Music and lyrics and code

Geek Choir founder Michael Brewer on how coding and music connect.

If the popularity of Geek Choir at various tech-related conferences is any indication, there’s a substantial correlation between producing music — whether vocally or with an instrument — and coding.

Michael Brewer (@operatic), application programmer specialist at the University of Georgia and a speaker at OSCON 2011, got the official Geek Choir sessions started at the Open Source Bridge and O’Reilly OSCON conferences. In a recent interview, he discussed how the choir came about and how music and coding complement each other.


How do music and technical aptitude intersect?

MichaelBrewer.jpgMichael Brewer: Since Geek Choir got accepted, I’ve been hearing a lot of anecdotal evidence of a high crossover between music and geek aptitude. Of course, people have been talking about the math-music connection since “Gödel, Escher, Bach.” Recent studies have again shown connections between early exposure to music and math ability, although it’s not exactly what we think of as the “Mozart Effect.”

I tend to view it as a combination of pattern recognition and the ability to organize and reproduce thoughts about larger, more abstract concepts and their executions. Also, the production of sound using tools at hand — including vocal cords — is similar, in a sense, to producing code with software or hacking other projects.

We are a species that bonds with our tools in unusual ways. Correlation doesn’t prove causation, though — there’s a bit of a chicken-and-egg problem in figuring out if geeks are good at music or if musicians are good at being geeks.


Michael Brewer: I attended several OSCONs in the early-to-mid 2000s. I noticed several music jam sessions, as well as the popularity of the Gibson guitar booth in the exhibit hall one year. Folks were jamming on those guitars for hours.

At the first Open Source Bridge Conference, I suggested a Geek Choir session for the “unconference” on the last day. We started with fairly few people, but once we started singing — and people in the halls heard us and “voted with their feet” — we more than tripled our attendance in 15 minutes. The next year, Geek Choir made it into the OSBridge main conference. We had a very successful and enjoyable session, mixing experienced singers with absolute newbies.

In your OSCON session description, it says there’s no advanced prep for the session choirs — why did you decide to go that route, and what benefits does a no-prep environment create?

Michael Brewer: It makes it easier on the newbies if everyone is getting introduced to the music at the same time. Also, it means that I have to be sure in my preparation to select music that is both accessible for inexperienced singers and worthwhile for experienced musicians. It’s a good engineering challenge.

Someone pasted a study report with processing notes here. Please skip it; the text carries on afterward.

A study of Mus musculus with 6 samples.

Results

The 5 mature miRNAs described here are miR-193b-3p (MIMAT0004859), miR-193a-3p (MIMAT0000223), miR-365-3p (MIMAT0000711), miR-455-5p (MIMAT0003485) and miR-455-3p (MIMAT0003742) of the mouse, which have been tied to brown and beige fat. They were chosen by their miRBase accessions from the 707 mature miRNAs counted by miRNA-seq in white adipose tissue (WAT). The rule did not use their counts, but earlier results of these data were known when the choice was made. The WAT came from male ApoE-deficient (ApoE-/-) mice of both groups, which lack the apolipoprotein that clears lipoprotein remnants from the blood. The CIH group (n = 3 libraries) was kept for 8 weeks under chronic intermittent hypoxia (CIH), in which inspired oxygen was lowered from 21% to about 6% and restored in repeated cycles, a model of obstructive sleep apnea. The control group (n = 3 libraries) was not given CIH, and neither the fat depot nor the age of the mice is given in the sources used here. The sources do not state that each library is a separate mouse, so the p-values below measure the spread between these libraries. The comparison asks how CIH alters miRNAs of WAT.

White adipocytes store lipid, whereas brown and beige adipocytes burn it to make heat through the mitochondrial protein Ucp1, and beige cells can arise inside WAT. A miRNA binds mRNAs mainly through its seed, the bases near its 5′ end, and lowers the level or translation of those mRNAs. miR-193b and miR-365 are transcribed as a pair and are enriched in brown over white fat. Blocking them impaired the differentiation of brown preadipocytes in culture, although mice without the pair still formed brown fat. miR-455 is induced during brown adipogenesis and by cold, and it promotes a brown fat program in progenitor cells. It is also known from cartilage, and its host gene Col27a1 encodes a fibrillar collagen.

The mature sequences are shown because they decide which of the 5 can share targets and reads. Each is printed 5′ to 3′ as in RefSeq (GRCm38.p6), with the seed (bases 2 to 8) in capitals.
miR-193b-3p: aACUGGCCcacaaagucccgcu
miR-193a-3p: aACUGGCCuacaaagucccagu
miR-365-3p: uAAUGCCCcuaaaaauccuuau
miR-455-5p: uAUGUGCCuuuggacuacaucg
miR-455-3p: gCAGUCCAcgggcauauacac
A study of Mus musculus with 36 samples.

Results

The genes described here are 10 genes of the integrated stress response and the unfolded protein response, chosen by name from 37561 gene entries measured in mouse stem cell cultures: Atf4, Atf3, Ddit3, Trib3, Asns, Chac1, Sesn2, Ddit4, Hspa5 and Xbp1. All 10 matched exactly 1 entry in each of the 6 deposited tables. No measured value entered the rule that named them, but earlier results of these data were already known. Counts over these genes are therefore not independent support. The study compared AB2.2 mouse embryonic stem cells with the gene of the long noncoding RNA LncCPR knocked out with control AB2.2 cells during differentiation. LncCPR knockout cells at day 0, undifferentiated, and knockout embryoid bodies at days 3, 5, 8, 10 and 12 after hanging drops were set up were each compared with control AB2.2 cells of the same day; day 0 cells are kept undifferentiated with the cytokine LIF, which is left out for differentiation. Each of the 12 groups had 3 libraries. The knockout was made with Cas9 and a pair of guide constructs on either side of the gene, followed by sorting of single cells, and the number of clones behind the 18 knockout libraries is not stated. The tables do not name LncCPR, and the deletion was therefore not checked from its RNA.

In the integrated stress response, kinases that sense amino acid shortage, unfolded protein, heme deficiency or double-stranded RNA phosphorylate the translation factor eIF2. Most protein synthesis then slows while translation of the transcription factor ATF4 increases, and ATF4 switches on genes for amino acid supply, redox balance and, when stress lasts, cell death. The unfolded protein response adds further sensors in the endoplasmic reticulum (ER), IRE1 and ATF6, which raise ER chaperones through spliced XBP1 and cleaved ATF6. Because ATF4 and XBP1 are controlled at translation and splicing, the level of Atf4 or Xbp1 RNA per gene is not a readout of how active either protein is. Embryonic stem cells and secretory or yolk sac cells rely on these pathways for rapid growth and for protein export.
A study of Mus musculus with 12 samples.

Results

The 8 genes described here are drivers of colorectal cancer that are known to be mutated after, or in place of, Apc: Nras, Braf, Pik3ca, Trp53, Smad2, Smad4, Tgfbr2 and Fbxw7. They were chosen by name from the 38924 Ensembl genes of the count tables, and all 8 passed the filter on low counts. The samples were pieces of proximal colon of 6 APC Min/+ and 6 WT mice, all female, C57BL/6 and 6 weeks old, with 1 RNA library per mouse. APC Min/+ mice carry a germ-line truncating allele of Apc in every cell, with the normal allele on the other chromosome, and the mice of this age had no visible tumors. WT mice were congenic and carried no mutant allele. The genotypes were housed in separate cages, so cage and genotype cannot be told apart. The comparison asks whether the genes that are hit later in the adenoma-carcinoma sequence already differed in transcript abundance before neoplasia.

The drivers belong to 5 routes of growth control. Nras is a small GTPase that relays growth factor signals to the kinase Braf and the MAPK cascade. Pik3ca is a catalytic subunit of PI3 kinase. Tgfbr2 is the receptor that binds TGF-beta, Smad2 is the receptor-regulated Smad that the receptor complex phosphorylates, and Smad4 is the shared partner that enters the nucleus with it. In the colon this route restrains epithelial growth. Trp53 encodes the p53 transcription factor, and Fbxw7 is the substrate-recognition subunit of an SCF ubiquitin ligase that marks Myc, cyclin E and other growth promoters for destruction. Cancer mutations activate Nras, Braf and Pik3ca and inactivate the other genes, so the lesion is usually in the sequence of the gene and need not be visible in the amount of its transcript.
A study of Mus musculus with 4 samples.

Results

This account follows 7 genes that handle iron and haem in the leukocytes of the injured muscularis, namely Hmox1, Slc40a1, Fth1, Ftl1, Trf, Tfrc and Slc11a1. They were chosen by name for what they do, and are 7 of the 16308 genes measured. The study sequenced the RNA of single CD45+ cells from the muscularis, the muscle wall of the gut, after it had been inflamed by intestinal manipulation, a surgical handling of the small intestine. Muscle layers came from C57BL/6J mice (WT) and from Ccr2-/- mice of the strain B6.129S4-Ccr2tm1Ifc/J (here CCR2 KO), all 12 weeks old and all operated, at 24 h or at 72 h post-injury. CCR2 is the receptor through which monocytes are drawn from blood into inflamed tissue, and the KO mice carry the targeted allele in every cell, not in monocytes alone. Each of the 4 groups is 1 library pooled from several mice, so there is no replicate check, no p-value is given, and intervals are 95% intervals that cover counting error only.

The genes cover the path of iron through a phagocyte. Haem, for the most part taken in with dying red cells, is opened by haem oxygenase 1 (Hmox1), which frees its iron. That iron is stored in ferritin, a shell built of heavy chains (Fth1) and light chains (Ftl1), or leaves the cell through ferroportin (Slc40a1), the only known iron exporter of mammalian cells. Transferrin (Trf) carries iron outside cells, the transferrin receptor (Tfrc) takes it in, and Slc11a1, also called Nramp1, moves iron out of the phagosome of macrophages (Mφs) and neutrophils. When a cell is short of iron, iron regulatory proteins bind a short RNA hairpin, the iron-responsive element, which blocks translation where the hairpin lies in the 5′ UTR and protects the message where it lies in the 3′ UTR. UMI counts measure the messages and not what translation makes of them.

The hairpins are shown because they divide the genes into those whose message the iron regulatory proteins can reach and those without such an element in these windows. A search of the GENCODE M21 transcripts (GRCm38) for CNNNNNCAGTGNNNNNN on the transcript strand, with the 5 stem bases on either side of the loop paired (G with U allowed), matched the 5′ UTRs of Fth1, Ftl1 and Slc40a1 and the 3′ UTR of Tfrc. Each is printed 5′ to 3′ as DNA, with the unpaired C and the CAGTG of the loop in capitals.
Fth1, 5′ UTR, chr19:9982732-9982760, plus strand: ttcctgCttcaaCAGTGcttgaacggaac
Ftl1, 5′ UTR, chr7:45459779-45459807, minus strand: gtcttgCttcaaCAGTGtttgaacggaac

What are some tips for putting together a Geek Choir?

Michael Brewer: Here’s a few:

  • Be welcoming and respectful. Everyone can contribute, even if they have never sung in public before or don’t read music.
  • Choose — or compose — music that can be done by a mix of voices, both in terms of range and skill level. Parts can be done, but they have to be fairly straightforward to pick up. Shape note songs are good for this, as they were specifically engineered to (a) be easily learned by the (somewhat) untrained American choirs of the late 1700s and early 1800s, and (b) be performed with mixed genders on the various lines — sopranos and tenors would both sing the melody, for example, and altos and basses the bass parts, at comfortable octaves for each.
  • Stay in the public domain when you can. There are some tremendous repositories of music, including the Choral Public Domain Library and the International Music Score Library Project.
  • Have a great time!

There are a variety of open source tools for arranging music. Which do you recommend?

Michael Brewer: In general, there are two types of music composition software: music sequencers, which work with manipulating and combining blocks of sounds (sequences) into larger musical works, and notation software, which deals primarily in written or printed music.

Wonderful music is created with either. I generally work with notation software, so I’m much more familiar with notation editors. In this arena, everyone is chasing the main two commercial products — Finale (which I use) and Sibelius. For a long time, the open source tools weren’t really comparable, in terms of ease of use, but MuseScore has really closed the gap. There’s also LilyPond. I haven’t worked with it yet, but I’ve heard good things about it.

What similarities, if any, do you see in the communal qualities of music and the communities that grow around open source projects?

Michael Brewer: There are several:

  • Both are groups of people coming together to create something, be it software or music.
  • There is artistry in the finished product for both. Code is most definitely art.
  • People vote with their feet for both, in terms of joining and leaving.
  • Coming together to work on common tasks builds connections and solidarity among the members. They tend to view themselves as a collective, giving themselves an identity as part of a larger whole.


    Hi Jenn, Thanks for reporting this all-important phenomenon–that music does great things for people! Please be aware, though, that “vocal folds” (current terminology) or “vocal cords” (slightly less current) is not spelled with an “h” (chords). Chords are a combination of pitches played by a polyphonic instrument and/or multiple instruments. A pair of vocal cords can only produce one pitch. I believe this is misspelling is common.
    http://en.wikipedia.org/wiki/Vocal_folds

  • Jenn Webb

    Thank you, Jena — I’ll get that corrected right away!